Jim Post does Mark Twain at the Brewery
Jim Post brought his impressions of writer Mark Twain’s writings and life to the Brewery Arts Center’s Performance Hall Friday in a show quite different from the usual Twain recitals.
“I don’t impersonate, I offer my impression,” said Post as he donned his white suit backstage. “Mark Twain did his shows before there were public address systems, so he had to let it out. No time for modulation.”
And that pretty well sums up the very entertaining performance that Post offers, staged in conjunction with the Carson City Ghost Walk Friday afternoon.
Post is joined in his presentation by his wife Janet, who plays piano and cello. And that is where Post’s performance differs from the more traditional Mark Twain impressionists: He sings, he plays the guitar and as a member of the Rock and Roll Hall of Fame, he belts out the songs, the old timey lyrics all about life on the Mississippi and Twain’s childhood in Hannibal., Missouri.
His first song was “Rhythm of Life,” about the pulse of the mighty riverand it sets the tone of the show. He notes that he doesn’t want to let “the facts get in the way of a good story” and then tells of the story of a lawyer so crooked “he had hand in his own pocket. The truth will be economized tonight,” he said.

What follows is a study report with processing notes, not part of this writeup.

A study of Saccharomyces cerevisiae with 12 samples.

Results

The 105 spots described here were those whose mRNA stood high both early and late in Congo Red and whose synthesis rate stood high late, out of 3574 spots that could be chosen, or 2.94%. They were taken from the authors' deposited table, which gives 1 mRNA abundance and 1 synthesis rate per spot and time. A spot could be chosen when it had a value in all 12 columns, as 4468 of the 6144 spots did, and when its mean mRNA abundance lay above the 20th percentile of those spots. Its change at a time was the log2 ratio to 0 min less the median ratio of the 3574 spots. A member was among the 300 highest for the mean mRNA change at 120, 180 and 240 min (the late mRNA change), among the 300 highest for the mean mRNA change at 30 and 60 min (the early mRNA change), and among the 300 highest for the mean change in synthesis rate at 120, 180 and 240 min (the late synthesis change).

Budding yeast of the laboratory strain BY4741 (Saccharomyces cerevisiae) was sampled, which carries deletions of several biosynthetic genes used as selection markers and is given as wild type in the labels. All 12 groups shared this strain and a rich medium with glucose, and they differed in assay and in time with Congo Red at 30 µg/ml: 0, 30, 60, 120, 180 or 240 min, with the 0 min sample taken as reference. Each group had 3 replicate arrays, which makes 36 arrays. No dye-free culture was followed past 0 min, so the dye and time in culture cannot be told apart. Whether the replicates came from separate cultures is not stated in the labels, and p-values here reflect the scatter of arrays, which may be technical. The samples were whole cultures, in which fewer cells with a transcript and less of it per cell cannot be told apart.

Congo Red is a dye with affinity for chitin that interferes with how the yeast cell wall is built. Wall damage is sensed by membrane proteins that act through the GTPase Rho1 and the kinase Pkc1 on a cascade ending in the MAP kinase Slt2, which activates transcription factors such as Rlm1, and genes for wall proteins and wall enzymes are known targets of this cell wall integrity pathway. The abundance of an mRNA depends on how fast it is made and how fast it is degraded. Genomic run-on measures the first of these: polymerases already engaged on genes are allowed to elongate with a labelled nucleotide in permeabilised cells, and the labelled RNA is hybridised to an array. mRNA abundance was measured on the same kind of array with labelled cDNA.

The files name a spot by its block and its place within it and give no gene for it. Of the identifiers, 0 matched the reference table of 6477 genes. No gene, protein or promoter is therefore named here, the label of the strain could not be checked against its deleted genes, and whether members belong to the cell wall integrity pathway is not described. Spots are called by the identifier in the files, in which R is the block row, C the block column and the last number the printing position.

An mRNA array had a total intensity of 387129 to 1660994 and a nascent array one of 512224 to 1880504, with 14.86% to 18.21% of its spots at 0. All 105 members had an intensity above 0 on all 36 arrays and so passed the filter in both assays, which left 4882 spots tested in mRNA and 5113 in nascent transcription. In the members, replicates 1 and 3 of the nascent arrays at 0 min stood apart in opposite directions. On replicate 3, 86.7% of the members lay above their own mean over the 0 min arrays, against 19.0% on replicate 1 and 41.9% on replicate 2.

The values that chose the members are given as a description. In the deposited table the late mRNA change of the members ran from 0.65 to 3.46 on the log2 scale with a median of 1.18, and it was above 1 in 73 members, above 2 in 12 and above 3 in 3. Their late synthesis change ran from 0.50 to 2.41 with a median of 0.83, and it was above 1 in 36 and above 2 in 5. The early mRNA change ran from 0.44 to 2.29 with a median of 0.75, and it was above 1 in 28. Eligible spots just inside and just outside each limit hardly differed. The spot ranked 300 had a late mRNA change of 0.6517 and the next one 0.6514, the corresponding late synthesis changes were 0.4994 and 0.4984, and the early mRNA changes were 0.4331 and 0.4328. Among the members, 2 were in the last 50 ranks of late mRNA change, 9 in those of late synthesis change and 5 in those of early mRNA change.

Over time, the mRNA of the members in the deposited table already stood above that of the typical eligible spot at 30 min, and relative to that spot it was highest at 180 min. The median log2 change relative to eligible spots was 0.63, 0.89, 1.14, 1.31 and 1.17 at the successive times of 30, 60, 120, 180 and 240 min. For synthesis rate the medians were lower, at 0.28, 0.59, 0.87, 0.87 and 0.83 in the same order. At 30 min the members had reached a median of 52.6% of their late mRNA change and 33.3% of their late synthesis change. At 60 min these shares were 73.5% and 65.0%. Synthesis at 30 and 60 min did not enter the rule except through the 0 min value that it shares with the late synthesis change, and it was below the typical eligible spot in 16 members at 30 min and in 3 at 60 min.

While Post’s presentation included many zingers from Twain’s writing, what really mattered is that he is able to create through his words and music the feeling of a bygone era, where kids could go swimming naked in the Mississippi and float down the river on a raft, and then recount the guilt feelings of a youth who had killed a man needlessly.
Post tells his stories with verve and he sings his songs with the punch of a rocker. He doesn’t go for the one-liner but instead builds a story with a long intro that pays off in the end. His songs are loaded with memories and of a life long gone. But they are comforting just the same.
Those who like something different from the usual Mark Twain show would do well to head for the Brewery tongiht night for Post’s repeat show. It’s a polished but homespun affair with a master storyteller with help from his talented wife. Show time is 7:30 p.m. Don’t miss it.